Our future brother-in-law is from Kashmir and I dedicate this humble post to his honor and as my way of welcoming him to our family
When great powers fight over possession of territories it is the people who live there, whose lives will not really change whoever rules, that suffer the most. Ever since the 1947 Partition, India and Pakistan have both claimed Kashmir. There are also continuing political and military drives to develop politcal sovereignty for Kashmir, to make it independent. Both Pakistan and India have nuclear weapons making this a matter of world import.
One of the many benefits of short stories is they can, in just a few minutes, let us see how it is to live in many ways, many places, many times. As "The Enemy" opens a Kasmiri man knows his badly injured brother is in a prison over on the other side of a bridge to land both Pakistan and India claim. To India troops the man knows he will appear a Pakistani spy, to the Pakistanis he will seem Indian. He works up his courage and crosses the bridge. He is taken, as he almost certainly knew he would be, to the poilice station and tortured to get him to release information which he does not have. As he is being beaten he begs to see his brother.
"They read the stamp on my brow and one of the two spoke, 'Indian!' The other pronounced, 'Arrest him.' 'No, no, sir, I am not an Indian. Neither am I a Pakistani. I am only a Kashmiri. Do you see sir, that log hut at Keran? That is my home. And you see that log hut on the other bank? That is where my brother lives. He is very ill and has no one but God to call his own over there. Please, sir, give me just half an hour — I need only to ask him how he is, get him some medicine, a drink of water, maybe.' A rifle butt hit my neck and the earth shook under my feet. They dragged me to their bunker. More soldiers — they also read the tell-tale stamp and declared, 'Indian. An enemy spy.' And then began the torture."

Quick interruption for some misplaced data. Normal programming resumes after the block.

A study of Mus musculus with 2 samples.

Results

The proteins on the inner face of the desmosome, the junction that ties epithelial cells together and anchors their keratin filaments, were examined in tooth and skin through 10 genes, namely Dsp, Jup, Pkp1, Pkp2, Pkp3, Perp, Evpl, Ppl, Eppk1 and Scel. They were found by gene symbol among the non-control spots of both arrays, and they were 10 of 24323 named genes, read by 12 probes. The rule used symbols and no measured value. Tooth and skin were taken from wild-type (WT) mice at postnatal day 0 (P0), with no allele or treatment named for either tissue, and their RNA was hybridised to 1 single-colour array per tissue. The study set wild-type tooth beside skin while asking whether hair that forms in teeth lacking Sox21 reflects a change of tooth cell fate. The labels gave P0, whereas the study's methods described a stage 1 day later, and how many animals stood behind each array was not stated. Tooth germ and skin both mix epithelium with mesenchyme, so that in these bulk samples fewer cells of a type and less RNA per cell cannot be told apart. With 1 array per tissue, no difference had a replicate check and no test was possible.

Ultimately he get his wish and is thrown into a cell with his dying brother.
Here is how the story ends, words echoed in 1000s of wars since time began.
"They said that they knew very well that the dead man was my brother but they could not let me participate in his burial rites. 'We are helpless,' they concluded. 'Seek permission from your officers, please,' I begged. 'They too are helpless,' they said. 'From the officers' officers then,' I pleaded. 'They too are helpless,' was the reply 'Who is it that can help? Who has the power?' I asked. 'That is something we do not know."
ABDUL GANI BEG ATHAR Abdul Gani Athar (1943-....) is a teacher in the Jammu and Kashmir Education Department. He has written poems, short stories and plays in Kashmiri. A collection of his short stories in Kashmiri was published some time back. His work has also appeared in Sheeraza (Jamniu and Kashmir Academy of Art, Culture and Languages).